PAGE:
Hood Quarterly, summer 2014
Juliette Bianco, Deputy Director

This summer, we invite you to encounter an exciting installation in the Hood’s Kim Gallery—usually reserved for the exhibition of ancient art—that sparks a compelling dialogue between past and present. Daniel Heyman’s When Photographers Are Blinded, Eagles’ Wings Are Clipped (2010) monumentalizes complex relationships between the artistic subject as victim, the artist as witness, and the viewer as consumer of information. Unfolding across the plywood surface of the work is an account of the violence of war and the silencing power of censorship.

The work’s repeating motif of boot-clad feet, some indicating mutilation at the hands of a combatant, allows the viewer to begin to decode the work’s unsettling narrative. The motif also recalls the structure of the Assyrian reliefs in this gallery, which were created in the ninth century BCE in what is now Iraq, the subject of Heyman’s present work. The artist, a 1985 graduate of Dartmouth College, writes that these reliefs “have been on my mind since I first saw them in Carpenter Hall [now home to the Art History department] in the early ’80s. . .  I have spent hours in front of them.” In his own work Heyman translates the reliefs’ program of “absolute political loyalty” to a context freshly rife with acts of war and terror.

Divided into roughly three sections, the work revolves around a central scene of obvious chaos, movement, and pain. A tower of images—many testifying to the achievements of an ordered and creative society—topples like a house of cards under the weight of forces of violence. Witness to it all is a blindfolded man on the left—the photographer of the work’s title. He is compromised by his inability to see, yet his raised camera demonstrates his commitment to recording what unfolds before him. Heyman’s inspiration for this figure is three-time Pulitzer Prize nominee Michael Kamber, a photojournalist who was embedded in Iraq multiple times over the course of six years. Kamber referred to himself as a “blinded photographer” because of the censorship that his work faced at the hands of the United States military, which forbade him from showing images of wounded or dead American soldiers. Kamber’s experience, so effectively captured by Heyman in this work, questions the ability of photojournalists to convey the truth of what they witness. The multiple eyes on the chest of the upside-down man on the right may indicate all the things this victim has been witness to, but is powerless to recount, and counterbalance the blinded photographer.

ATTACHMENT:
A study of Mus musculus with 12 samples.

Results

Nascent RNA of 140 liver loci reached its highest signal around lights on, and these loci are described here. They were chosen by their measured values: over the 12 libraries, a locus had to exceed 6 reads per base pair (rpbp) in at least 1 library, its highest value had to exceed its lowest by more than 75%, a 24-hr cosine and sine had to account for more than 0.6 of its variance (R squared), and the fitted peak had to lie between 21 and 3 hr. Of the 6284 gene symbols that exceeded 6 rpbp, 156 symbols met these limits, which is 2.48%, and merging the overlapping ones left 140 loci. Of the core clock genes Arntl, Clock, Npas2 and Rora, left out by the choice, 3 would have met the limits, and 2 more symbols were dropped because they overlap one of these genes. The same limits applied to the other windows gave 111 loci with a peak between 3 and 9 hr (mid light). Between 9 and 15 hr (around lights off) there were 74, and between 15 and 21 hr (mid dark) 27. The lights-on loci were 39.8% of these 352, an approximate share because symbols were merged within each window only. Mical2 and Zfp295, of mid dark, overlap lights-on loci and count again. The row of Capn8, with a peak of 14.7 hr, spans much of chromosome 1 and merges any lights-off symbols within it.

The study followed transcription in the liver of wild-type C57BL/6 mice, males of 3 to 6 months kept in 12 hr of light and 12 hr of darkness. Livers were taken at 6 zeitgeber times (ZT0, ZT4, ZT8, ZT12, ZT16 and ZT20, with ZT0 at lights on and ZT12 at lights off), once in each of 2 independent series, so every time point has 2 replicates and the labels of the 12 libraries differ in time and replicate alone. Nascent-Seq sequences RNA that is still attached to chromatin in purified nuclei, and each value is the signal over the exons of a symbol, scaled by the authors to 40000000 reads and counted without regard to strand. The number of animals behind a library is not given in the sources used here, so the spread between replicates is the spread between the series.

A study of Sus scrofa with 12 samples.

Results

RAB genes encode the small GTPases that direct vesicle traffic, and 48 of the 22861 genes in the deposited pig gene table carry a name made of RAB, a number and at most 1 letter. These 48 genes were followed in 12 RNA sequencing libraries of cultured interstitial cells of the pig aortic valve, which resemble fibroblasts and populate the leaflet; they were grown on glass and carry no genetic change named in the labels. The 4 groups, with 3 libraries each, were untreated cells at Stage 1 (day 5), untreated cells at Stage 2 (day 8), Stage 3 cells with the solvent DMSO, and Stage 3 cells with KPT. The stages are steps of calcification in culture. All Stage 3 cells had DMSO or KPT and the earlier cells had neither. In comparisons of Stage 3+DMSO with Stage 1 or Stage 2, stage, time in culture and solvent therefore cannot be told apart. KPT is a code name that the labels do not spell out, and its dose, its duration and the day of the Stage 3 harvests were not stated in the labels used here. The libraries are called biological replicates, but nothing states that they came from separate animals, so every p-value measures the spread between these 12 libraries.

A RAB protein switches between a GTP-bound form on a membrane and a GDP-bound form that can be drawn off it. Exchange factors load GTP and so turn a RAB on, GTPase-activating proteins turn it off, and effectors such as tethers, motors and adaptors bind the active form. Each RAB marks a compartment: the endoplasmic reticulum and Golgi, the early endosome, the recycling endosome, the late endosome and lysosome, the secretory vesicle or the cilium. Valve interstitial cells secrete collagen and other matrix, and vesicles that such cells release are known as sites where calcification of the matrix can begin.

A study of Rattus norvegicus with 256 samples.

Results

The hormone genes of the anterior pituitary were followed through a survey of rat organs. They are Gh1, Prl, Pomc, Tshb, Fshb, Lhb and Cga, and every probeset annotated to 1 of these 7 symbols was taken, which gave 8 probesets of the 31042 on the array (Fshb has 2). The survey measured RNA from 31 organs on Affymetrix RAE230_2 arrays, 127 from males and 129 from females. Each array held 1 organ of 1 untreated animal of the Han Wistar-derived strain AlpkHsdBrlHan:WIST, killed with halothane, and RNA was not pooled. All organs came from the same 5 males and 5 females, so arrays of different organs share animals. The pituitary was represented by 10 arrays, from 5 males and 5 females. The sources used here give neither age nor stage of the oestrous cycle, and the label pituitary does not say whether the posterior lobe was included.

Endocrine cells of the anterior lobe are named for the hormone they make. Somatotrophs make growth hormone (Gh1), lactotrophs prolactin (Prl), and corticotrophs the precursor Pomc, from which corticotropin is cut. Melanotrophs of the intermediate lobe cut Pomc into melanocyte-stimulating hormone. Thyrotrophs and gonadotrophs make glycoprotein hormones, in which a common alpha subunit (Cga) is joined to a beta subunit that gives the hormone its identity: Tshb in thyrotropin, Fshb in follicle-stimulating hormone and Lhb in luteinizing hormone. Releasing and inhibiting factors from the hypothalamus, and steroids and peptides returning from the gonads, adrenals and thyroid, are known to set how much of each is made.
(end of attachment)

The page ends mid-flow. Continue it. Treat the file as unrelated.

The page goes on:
Although the Hood’s Assyrian reliefs and this work by Daniel Heyman are separated by culture, intention, and more than a thousand years, placing them side by side in a teaching museum allows the opportunity for conversation that might otherwise never take place, generating new ways of looking at the world around us and asking new questions of ourselves and others. Don’t miss this opportunity to experience a remarkable new addition to the museum’s collection and to see the Kim Gallery in a new light.